Extensive research has shown that vitamin D deficiencies play a major role in the development of dozens of diseases, including breast, prostate and colon cancer, as well as diabetes, heart disease, arthritis, osteoporosis, psoriasis and mental illness.
While many people are beginning to realize the health benefits that vitamin D has to offer in the prevention of disease, they may not be getting the full benefits from vitamin D without also supplementing their diets with magnesium.
According to Carolyn Dean, MD, ND, magnesium expert and Medical Advisory Board member of the nonprofit Nutritional Magnesium Association (www.nutritionalmagnesium.org), "Magnesium is a vital nutrient because it converts vitamin D into its active form. "The effectiveness and benefits of vitamin D are greatly undermined in the absence of adequate levels of magnesium in the body. Magnesium acts with and is essential to the activity of vitamin D, and yet most Americans do not get their recommended daily allowance (RDA) of this important mineral."
Nutrients act in a synergetic way in the body. Absorption and metabolism of a particular nutrient will be affected, to a greater or lesser degree, by the other nutrients available to the body. This is also true of vitamin D.
According to the nonprofit Vitamin D Council, "In order to receive the most health benefit from increased levels of vitamin D, the proper cofactors must be present in the body. Vitamin D has many cofactors, but the ones listed here are the most important, with magnesium topping the list: Magnesium, Vitamin K, Vitamin A, Zinc and Boron."
The importance of magnesium as a nutrient required for proper vitamin D metabolism has been recognized by several studies published in the journal Magnesium Research, with the following findings:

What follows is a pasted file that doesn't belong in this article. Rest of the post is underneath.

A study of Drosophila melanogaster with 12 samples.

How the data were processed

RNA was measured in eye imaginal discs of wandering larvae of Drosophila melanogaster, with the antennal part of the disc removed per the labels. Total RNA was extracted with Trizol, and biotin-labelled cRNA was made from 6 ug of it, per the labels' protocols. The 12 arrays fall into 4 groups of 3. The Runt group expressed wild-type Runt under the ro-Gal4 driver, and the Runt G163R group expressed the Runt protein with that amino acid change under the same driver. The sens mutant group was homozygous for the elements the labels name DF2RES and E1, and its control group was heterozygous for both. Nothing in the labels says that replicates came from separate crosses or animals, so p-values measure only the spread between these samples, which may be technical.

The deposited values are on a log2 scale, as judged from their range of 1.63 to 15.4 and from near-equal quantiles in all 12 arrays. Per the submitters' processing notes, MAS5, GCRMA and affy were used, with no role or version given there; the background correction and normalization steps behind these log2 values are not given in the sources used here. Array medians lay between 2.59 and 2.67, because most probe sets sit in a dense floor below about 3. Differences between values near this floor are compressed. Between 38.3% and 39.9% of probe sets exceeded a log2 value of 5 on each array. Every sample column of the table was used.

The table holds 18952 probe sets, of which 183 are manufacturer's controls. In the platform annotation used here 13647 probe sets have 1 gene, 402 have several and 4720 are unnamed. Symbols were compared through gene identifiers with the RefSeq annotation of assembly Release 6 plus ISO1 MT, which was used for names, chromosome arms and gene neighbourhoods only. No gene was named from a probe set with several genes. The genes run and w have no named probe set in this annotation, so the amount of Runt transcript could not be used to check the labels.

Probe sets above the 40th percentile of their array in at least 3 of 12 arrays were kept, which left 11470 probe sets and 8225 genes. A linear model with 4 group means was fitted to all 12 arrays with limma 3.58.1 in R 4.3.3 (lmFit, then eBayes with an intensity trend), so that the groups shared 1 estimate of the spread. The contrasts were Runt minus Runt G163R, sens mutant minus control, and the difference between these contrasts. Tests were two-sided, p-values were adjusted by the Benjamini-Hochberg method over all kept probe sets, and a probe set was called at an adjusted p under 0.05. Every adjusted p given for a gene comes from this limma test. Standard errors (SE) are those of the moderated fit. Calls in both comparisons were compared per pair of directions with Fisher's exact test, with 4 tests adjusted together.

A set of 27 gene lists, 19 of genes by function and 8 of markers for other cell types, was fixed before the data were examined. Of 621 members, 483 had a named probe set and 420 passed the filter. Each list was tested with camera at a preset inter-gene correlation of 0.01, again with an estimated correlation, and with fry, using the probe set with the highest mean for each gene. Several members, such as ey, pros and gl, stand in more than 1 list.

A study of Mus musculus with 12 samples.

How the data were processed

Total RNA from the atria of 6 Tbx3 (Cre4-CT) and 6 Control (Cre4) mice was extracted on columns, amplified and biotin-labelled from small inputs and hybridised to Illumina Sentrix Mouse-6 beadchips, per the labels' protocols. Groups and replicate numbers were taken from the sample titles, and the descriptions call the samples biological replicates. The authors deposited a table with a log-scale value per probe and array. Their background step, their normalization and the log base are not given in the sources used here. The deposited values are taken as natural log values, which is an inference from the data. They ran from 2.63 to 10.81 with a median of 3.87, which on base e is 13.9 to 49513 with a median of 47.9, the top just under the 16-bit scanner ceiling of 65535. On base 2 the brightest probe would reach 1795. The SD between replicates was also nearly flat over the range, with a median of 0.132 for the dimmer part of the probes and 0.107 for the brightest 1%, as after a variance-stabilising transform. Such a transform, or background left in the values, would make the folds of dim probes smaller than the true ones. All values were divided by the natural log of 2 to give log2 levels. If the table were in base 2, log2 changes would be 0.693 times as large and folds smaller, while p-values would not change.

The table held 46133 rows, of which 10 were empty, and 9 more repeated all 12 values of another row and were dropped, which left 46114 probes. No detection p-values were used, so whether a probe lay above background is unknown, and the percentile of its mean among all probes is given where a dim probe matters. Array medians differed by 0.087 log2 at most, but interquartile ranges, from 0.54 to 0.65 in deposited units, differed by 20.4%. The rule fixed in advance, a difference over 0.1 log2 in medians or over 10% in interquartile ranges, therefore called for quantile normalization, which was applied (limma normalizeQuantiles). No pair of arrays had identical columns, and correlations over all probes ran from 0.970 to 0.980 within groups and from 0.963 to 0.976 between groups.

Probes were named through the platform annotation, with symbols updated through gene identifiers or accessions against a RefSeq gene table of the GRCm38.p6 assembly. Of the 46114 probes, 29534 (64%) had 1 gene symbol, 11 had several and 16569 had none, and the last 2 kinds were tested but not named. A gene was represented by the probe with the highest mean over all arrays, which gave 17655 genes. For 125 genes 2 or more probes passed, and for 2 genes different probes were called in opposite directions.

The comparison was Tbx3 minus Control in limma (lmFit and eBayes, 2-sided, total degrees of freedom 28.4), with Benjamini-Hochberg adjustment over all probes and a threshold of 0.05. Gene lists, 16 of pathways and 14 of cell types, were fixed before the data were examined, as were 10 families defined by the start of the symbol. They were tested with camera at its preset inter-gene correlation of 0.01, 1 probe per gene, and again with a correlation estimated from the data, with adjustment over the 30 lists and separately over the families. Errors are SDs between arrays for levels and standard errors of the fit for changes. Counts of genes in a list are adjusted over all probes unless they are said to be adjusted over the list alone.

• Magnesium is essential for the metabolism of vitamin D.
• Magnesium influences the body's utilization of vitamin D by activating cellular enzyme activity.
• Enzymes are protein molecules that stimulate every chemical reaction in the body. All the enzymes that metabolize vitamin D require magnesium.
• Magnesium has a possible role in vitamin D's effect on the immune system.
Another study published in the European Journal of Pediatrics states: "Low magnesium has been shown to alter, by way of decreasing, production of vitamin D's active form...."
Several studies related to bone health published in the Journal of Physiological Biochemistry and in the Clinical Nutrition journal point out that magnesium is also necessary for vitamin D's beneficial actions on bone.
"Vitamin D inhibits calcium deposition in arteries, and magnesium converts vitamin D into its active form so that it can prevent calcium buildup into cholesterol plaque in arteries. The combination of magnesium and vitamin D helps prevent clogged arteries by drawing calcium out of the blood and soft tissues back into the bones where it is needed to build healthy bone structure and prevent osteoporosis, some forms of arthritis and kidney stones," notes Dr. Dean.
A 32-page guide to the benefits of magnesium, along with magnesium deficiency symptoms, written by Dr. Dean, is available as a free download at www.nutritionalmagnesium.org.